Religious Liberty vs. Same-Sex Marriage: Is There Really a Conflict?

Chief among claims from opponents is that legalizing same-sex marriage will infringe on the religious freedom of those who oppose the practice on theological grounds.

As a both a devout Catholic and a supporter of marriage equality, I would like to believe that the rights of my more conservative co-religionists and my lesbian, gay, bisexual and transgender friends can be reconciled through careful legislative draftsmanship. However, the bishops of my church and their allies have demonstrated no interest in reconciliation. Rather, they have taken an uncompromising stand based on principles that they readily ignore at other times, and blurred the distinction between freedom and entitlement in troubling ways.

To be taken seriously, appeals to religious freedom must be rooted in consistent teaching and practice. The arguments advanced by opponents of marriage equality do not meet this standard.The Catholic Church, for instance, recognizes only marriages conducted under its own auspices. It does not recognize marriage after divorce, unless the partner seeking to remarry has obtained an annulment. By Catholic standards, then, most of the marriages in this country are null and void.

Yet the bishops, bankrolled in large measure by the Knights of Columbus, have spent millions of dollars to keep gay and lesbian couples and their children from achieving equality under American law, while maintaining a discreet silence about the rights of heterosexuals whose marriages do not conform to church teaching. It is easy to grasp the political reality that informs this strategy: gays and lesbians are few, while what the church regards as unsanctioned marriages are legion. But in deploying arguments rooted in religious liberty only when they are politically advantageous, the bishops have diminished the currency in which they trade.

Religious conservatives also argue that they will no longer be able to help provide essential social services if they are forced to treat same-sex couples in the same way that they treat other clients. They cannot, in good conscience, offer adoption or housing to same-sex couples, they argue, and if compelled to do so, would have to cease providing such services entirely. Intentionally or otherwise, opponents of same-sex marriage present public officials with a choice between marginalized populations -- the poor and the orphaned on one side, lesbians, gay men, bisexuals and transgender people on the other.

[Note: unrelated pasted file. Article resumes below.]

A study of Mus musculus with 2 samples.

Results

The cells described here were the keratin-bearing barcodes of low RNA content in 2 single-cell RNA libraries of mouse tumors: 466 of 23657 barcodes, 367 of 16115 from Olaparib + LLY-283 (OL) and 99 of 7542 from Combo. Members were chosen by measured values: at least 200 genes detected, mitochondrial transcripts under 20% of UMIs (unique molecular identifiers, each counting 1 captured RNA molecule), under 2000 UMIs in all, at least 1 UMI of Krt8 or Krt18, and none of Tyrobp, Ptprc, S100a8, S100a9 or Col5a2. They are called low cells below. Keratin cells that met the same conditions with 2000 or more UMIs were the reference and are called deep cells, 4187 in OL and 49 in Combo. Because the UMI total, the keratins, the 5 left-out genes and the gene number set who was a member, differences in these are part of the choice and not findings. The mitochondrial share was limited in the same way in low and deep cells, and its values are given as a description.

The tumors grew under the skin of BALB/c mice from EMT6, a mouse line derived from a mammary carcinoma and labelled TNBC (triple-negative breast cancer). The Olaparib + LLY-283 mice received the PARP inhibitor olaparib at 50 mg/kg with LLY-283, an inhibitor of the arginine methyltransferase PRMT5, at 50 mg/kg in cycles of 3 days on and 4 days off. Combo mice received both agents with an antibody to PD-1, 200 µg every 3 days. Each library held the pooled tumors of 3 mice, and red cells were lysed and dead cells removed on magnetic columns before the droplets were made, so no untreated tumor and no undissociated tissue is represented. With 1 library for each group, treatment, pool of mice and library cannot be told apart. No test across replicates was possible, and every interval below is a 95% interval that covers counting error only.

But my bishops and their allies are not being forced to conform to laws they find morally repugnant. Rather, they are being asked to decide whether they will continue to accept significant government subsidies that come with certain strings attached. Religious organizations that do not accept such funding do not have to abandon their ministries to the poor and the needy. They can follow the lead of the Mormons -- or our own Catholic history -- and finance their ministries themselves. Nor will their refusal of government subsidies fray the social safety net, as other less ideologically rigid groups, which already compete for the same grants, will take up the slack.

In the literature on religious liberty and same-sex marriage cited by religious conservatives, several cases stand out. These tend to involve a small businessperson who has been sued for refusing to provide services at the wedding, or commitment celebration of a gay or lesbian couple. In reading these cases, one is struck first by the wish that everyone involved had used better judgment, and second by how the use of a high-flown term like religious liberty distracts from the wild asymmetry of what is at stake for the various parties. Perorations on the First Amendment notwithstanding, opponents of marriage equality are arguing that same-sex couples should be denied the emotional and legal benefits of marriage to spare theologically conservative bakers the ordeal of making them wedding cakes.

One would like to think that sufficient protections for pious cakesmiths and other interested parties could be written into law if religious conservatives were clear and candid about the ways in which their freedom might be infringed. But such clarity would open a path to the speedy legalization of same-sex marriage, and so my bishops and their allies play the victim card instead. In doing so, they demonstrate that they are not interested in protecting liberties, but in denying them.

Marianne Duddy-Burke is executive director of DignityUSA, a member of the Equally Blessed, a coalition of Catholic groups that work on behalf of LGBT people and their families.